The Mir project has always been about how best to develop a shell for the modern desktop. It was about addressing concerns like a security model for desktop environments; convergence (which has implications for app lifecycles); and, making efficient use of modern hardware. It has never been only about Unity8, that was just the first of (hopefully) many shells written using Mir. To that end, the Mir developers have tried to ensure that the code wasn’t too tightly coupled to Unity8 (e.g. by developing demo servers with alternative behaviors).
There have been many reasons that no other shells used Mir but to tackle some of them I started a “hobby project” (MirAL) last year. MirAL aimed to make it easier to build shells other than Unity8 with Mir, and one of the examples I produced, miral-kiosk, proved important to Canonical’s support for graphics for the “Internet of Things”. Even on the Internet of Things Mir is more than just a way of getting pixels onscreen, it also fits the security model needed. That secures a future for Mir at Canonical.
In Canonical the principle target for Mir is now Ubuntu Core, and that is currently based on the 16.04LTS. We’ve recently released Mir 0.26.3 to this series and will be upgrading it to Mir 1.0 when that comes out.
Outside Canonical there are other projects that are making use of Mir.
UBports is taking forward the work begun by Canonical to support phones and tablets. Their current stack is based on an old release of Mir (0.17) but they are migrating to Ubuntu 16.04LTS and will get the latest release of Mir with that.
Yunit is taking forward the work begun by Canonical on “convergence”. They are still in an exploratory phase, but the debs they’ve created for Debian Unstable use the current Mir 0.26 release.
As reported elsewhere there have been discussions with other projects who are interested in using Mir. It remains to see if, and in what way, those discussions develop.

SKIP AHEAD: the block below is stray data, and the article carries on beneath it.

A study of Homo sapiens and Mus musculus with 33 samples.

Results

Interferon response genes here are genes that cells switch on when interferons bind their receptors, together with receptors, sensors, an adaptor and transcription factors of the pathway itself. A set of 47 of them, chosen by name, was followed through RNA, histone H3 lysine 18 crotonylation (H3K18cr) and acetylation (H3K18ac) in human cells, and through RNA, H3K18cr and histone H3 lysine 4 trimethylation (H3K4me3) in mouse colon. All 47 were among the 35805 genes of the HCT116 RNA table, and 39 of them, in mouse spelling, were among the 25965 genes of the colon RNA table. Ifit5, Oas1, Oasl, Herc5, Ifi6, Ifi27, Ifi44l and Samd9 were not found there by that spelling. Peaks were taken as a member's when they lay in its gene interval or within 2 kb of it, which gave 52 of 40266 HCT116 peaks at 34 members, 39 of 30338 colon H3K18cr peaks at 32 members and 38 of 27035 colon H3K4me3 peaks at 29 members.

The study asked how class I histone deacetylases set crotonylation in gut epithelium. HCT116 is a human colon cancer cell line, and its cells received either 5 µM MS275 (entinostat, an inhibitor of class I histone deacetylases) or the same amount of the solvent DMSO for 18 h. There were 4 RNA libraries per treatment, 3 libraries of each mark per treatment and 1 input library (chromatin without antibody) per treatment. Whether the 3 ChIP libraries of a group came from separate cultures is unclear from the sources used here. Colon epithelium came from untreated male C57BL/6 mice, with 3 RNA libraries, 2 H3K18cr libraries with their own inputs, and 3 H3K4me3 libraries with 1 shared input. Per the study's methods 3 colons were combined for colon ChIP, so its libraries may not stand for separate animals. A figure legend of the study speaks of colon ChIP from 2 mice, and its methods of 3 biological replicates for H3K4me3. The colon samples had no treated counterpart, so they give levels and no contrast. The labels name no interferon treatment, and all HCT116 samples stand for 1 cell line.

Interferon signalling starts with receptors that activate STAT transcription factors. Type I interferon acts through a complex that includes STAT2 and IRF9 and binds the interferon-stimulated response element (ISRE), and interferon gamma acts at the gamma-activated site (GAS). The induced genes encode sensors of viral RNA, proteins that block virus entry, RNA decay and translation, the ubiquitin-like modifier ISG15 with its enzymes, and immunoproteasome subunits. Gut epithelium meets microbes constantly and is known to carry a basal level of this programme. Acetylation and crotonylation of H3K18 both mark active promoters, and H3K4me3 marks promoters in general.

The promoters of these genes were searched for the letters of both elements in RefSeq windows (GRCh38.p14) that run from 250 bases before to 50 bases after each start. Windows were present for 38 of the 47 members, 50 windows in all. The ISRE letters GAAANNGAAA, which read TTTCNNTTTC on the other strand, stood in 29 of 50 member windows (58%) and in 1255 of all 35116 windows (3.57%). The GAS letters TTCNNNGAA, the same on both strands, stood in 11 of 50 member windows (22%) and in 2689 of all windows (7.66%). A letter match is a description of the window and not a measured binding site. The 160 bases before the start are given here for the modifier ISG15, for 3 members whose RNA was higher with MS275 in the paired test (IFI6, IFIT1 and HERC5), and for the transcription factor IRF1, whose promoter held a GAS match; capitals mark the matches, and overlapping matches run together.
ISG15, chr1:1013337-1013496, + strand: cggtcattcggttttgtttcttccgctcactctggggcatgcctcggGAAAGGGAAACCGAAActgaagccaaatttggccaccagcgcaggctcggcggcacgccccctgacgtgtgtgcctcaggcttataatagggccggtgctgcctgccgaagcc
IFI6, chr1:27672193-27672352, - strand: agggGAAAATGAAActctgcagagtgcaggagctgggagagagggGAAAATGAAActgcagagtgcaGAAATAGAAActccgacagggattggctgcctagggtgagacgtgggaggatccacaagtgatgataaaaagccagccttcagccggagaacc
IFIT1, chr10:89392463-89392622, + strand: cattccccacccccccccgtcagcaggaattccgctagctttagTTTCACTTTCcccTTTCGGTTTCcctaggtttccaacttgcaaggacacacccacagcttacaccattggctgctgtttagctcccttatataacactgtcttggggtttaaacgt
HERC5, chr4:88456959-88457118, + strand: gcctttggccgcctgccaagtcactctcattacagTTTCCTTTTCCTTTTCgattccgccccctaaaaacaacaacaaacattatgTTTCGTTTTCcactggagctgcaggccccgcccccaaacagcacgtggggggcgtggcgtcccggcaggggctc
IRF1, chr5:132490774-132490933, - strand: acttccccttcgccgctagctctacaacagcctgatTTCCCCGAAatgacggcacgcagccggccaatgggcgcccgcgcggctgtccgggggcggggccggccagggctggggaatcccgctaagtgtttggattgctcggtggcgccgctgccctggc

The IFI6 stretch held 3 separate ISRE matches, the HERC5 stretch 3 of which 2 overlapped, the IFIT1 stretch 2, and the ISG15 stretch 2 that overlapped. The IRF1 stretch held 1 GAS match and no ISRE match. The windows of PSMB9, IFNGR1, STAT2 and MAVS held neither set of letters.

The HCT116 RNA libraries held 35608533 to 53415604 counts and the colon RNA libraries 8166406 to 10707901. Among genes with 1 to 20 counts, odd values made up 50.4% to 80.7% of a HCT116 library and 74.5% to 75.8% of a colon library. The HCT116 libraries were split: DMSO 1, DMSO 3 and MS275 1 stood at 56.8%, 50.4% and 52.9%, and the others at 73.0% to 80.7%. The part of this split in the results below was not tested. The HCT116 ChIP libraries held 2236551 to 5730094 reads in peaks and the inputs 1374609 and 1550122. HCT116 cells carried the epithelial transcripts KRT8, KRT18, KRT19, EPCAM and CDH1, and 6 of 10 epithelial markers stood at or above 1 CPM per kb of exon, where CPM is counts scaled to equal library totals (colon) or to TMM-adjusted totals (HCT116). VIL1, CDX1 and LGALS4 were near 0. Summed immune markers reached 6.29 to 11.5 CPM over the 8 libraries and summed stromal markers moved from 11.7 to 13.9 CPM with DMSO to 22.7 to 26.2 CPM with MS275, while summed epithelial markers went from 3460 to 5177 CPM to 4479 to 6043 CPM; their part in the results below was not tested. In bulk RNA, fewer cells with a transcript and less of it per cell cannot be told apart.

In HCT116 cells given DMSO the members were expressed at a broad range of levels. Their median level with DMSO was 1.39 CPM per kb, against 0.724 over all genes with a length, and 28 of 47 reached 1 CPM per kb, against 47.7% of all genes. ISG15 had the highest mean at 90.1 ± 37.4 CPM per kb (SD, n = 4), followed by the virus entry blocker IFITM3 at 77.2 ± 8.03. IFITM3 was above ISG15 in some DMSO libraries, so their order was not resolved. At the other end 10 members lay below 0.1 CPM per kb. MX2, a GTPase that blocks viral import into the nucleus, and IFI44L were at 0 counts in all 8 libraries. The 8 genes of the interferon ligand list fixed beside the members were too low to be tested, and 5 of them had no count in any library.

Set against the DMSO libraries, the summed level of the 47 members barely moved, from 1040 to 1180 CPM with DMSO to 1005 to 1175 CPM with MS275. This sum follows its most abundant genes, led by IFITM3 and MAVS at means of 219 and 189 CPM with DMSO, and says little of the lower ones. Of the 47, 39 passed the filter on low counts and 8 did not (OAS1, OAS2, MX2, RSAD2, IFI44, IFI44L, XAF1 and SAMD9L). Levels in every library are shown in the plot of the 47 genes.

For all of these projects the Mir team must be more responsive than it has been to the needs of those outside Canonical. I think, with the work done on MirAL, much of the technical side of that has been addressed. But we still have to prove ourselves in other ways.
There’s a new (0.27) release of Mir undergoing testing for release to the Ubuntu 17.10 series. This delivers a lot of the work that was “in progress” before Canonical’s focus shifted from Unity8 to miral-kiosk and marks the point of departure from our previous plans for a Mir 1.0. Mir 0.27 will not be released to other series, as we expect to ship Mir 1.0 in 17.10.
The other thing 0.27 offers is based on the efforts we’ve seen in UBports (and a PR from a former Mir developer that has joined the project): we’ve published the APIs needed to develop a “mir platform” out of the Mir source tree. That means, for example, developing a mir-on-wayland platform doesn’t require forking the whole of Mir. One specific platform that is now out-of-tree is the “mir-on-android” platform – from my experience with MirAL I know that having a real out-of-tree project helps prove things really work.
In addition, while we won’t be releasing Mir 0.27 to 17.04, I’ve included testing there, along with the Unity8 desktop to ensure that all the features required by a “real shell” remain intact.
Beyond Mir 0.27 the plan towards 1.0 diverges from past discussions. We are no longer planning to remove deprecated functions from the libmirclient ABI, instead we are working towards supporting Wayland clients directly.